Lloyd Carr says he is not sick, not retiring and, is not becoming athletic director.

Carr held a press conference at Crisler Arena before Saturday’s basketball game against Notre Dame to dispel the numerous rumors that he would be leaving his post as Michigan football coach after the season.

“I’ll make this short,” Carr said. “I’m not sick, and I’m not retiring.”

Carr called the press conference to assure recruits that he indeed will be around if they decide to come to Ann Arbor. The time between a team’s final regular-season game and its bowl game is a crucial period for recruiting in college football, and Michigan hosted a number of recruits this weekend.

Rumors about Carr’s status had increased since Michigan’s loss to Ohio State, and Carr said that two recruits told him this past week that they had heard them.

Carr said he decided to hold a press conference because he felt the rumors had come to a point where he had to say something. He said that he had not addressed the team about the issues but planned on doing so during yesterday’s practice.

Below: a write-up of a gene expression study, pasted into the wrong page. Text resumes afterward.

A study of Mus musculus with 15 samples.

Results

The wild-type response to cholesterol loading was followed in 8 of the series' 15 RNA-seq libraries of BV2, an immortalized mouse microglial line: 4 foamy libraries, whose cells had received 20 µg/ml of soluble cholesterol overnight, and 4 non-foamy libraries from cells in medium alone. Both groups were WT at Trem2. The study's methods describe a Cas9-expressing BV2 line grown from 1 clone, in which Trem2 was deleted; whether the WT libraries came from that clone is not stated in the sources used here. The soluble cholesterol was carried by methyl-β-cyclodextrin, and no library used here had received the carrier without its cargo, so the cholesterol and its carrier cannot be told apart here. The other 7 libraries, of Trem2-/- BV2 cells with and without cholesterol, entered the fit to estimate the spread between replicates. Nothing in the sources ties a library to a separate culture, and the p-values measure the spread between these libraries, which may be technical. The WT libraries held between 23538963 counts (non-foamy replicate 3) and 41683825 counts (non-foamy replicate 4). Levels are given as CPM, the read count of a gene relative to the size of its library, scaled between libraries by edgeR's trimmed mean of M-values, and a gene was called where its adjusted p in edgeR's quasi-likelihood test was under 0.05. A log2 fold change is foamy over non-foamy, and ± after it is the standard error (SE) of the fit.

The rumors had, for the most part, centered on Carr’s health and his desire to eventually become athletic director. According to Carr, many of the rumors came from within the national “coaching fraternity,” with coaches using them against Michigan for recruiting. Carr said that he knew who some of the coaches were, but would not disclose their names.

Detroit Free Press columnist Drew Sharp wrote in October that there were questions about Carr’s health and that there was a contingency plan in place for associate head coach Fred Jackson to take over the team in the event of an emergency.

Speculation of Carr’s retirement has also been a hot-button topic on Internet message boards over the past month.

But Carr said that he has no health problems, has no desire to become athletic director and no timetable regarding his departure.

“As long as my health is good and my desire to do this job doesn’t wavier, then I intend to coach,” Carr said.

Carr later joked that he would not coach for more than 20 more years.

In 10 years as Michigan’s head coach, Carr has compiled a 95-27 record, a national championship and five Big Ten titles.

Carr has led the Wolverines to a bowl game every year as Michigan’s head coach and set a school record with four straight bowl wins from 1998-2001.